Taihape is a small town in the centre of the North Island that prides itself on being ‘the gumboot capital of the world‘. Every year since 1985, the community celebrates Gumboot Day — a fun-filled family event that includes the town’s famed gumboot throwing contest. The iconic festival is held on the Tuesday after Easter, and its biggest ambition every year is to break the world record for the longest gumboot throw.
Baldwin Street, in Dunedin, is renowned for being the world’s steepest street. What outsiders may not know is that this is the main venue for the city’s annual Cadbury Chocolate Carnival. To kick off the sweet festivities, giant Jaffa balls (that’s an orange chocolate that’s unique to New Zealand) race down this steep stretch of road. There are also competitions, choc-filled activities, and an iconic Crunchie Train to entertain the crowds.
Rugby fans will know this one quite well. The haka, a traditional Maori war dance, has been immortalised by New Zealand’s All Blacks team, though its significance is celebrated in other local customs as well. In the past, the pre-battle war cries and dances were performed to incite fear, and proclaim the strength of Maori warriors. These days, you might see a haka performance if you visit a marae, or if you partake in any special Maori celebrations and rituals.
Not to be confused with a hangi, which is a traditional meal, the hongi is a personal, customary greeting, usually saved up for special occasions. The pressing of noses and foreheads is how this physical greeting is exchanged. This symbolises the passing of the breath of life (‘te ha’ in Maori) from one person to another. A hongi is common practice when welcoming visitors onto Maori grounds, as well as within traditional ceremonies.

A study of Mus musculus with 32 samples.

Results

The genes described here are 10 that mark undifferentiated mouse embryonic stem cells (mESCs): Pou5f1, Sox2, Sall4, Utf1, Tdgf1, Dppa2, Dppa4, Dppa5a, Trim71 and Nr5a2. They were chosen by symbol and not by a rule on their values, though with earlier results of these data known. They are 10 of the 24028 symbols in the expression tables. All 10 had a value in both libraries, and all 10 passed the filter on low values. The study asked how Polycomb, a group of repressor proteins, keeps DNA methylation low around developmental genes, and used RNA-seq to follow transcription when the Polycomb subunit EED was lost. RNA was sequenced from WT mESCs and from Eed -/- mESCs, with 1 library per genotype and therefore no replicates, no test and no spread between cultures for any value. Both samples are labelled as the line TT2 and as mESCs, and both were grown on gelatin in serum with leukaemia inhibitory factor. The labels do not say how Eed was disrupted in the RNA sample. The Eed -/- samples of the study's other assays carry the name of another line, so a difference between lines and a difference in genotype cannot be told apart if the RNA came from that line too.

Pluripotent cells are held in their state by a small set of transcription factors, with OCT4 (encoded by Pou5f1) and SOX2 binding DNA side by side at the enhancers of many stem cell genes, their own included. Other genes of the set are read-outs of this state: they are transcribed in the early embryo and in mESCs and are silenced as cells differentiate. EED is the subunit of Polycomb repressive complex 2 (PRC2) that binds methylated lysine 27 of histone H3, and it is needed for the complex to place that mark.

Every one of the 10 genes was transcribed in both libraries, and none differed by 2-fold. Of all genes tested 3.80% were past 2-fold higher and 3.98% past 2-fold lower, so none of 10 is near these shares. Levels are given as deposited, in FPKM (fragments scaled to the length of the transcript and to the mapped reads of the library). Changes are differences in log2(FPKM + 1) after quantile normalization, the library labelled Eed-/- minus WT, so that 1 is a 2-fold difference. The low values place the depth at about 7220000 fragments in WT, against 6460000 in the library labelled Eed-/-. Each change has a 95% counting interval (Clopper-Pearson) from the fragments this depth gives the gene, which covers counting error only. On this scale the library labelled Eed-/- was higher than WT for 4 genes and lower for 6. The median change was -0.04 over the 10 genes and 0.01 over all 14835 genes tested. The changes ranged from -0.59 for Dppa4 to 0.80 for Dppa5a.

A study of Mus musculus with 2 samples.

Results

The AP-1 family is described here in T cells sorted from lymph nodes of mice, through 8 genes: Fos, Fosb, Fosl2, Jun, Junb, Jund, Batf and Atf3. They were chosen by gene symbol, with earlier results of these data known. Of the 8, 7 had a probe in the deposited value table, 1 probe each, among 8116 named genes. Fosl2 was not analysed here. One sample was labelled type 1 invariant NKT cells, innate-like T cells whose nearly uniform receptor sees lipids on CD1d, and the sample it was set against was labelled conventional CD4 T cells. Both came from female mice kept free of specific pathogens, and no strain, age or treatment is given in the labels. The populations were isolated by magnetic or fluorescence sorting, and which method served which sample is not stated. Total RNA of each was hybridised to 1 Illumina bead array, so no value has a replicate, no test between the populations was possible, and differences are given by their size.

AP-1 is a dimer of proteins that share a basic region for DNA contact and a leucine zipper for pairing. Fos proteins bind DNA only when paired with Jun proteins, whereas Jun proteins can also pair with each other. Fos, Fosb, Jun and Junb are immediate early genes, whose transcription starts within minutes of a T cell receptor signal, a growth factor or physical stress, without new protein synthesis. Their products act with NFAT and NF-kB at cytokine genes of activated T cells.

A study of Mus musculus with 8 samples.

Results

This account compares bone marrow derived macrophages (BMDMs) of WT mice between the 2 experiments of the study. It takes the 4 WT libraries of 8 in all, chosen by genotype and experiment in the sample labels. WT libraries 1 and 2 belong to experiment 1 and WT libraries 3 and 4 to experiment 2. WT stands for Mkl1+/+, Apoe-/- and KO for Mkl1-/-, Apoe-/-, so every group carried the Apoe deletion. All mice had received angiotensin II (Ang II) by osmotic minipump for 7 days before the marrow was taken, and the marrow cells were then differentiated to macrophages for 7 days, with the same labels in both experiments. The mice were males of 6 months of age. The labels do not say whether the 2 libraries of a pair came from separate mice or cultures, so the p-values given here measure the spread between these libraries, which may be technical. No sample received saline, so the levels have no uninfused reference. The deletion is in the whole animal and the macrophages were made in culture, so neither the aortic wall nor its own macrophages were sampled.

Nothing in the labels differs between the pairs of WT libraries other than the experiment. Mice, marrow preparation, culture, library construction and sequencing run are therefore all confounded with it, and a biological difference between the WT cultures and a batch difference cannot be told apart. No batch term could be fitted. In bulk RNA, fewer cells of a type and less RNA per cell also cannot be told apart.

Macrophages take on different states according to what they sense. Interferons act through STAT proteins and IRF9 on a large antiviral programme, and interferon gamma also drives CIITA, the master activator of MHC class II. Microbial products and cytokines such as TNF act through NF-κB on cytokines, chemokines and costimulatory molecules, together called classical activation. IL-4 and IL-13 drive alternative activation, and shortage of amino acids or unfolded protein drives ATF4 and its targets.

Whenever you’re entering a Maori house (whare), meeting place (marae) or tribe (iwi), you will participate in this traditional welcoming ceremony. A powhiri usually begins with three warriors challenging the guests to see if they are coming into their territory in peace, while a kaikaranga (female caller) leads the visitors towards them. Presentations, waiata (traditional songs) and speeches usually follow, and then the powhiri ends with the aforementioned hongi.
Now we get to the customary Maori cooking method. A hangi is prepared underground, using heated rocks that are buried in a pit oven. Food is placed on top of the stones (usually meat is cooked first), and items are covered with flax mats or hessian bags for three hours during the cooking process. This is usually saved for special occasions, though you can have these meals when you partake in various Maori encounters across the country.
While it’s not a ‘tradition’ in the strictest sense, this is something that locals truly understand and cherish. In brief, Kiwiana are cultural relics that helped shape Kiwi identity and the local way of life. This includes the Edmonds Cookbook, which has been teaching New Zealanders to make their favourite dishes for many generations, as well as the classic Buzzy Bee toy, paua shells, Maori carvings, and the ever-contested pavlova.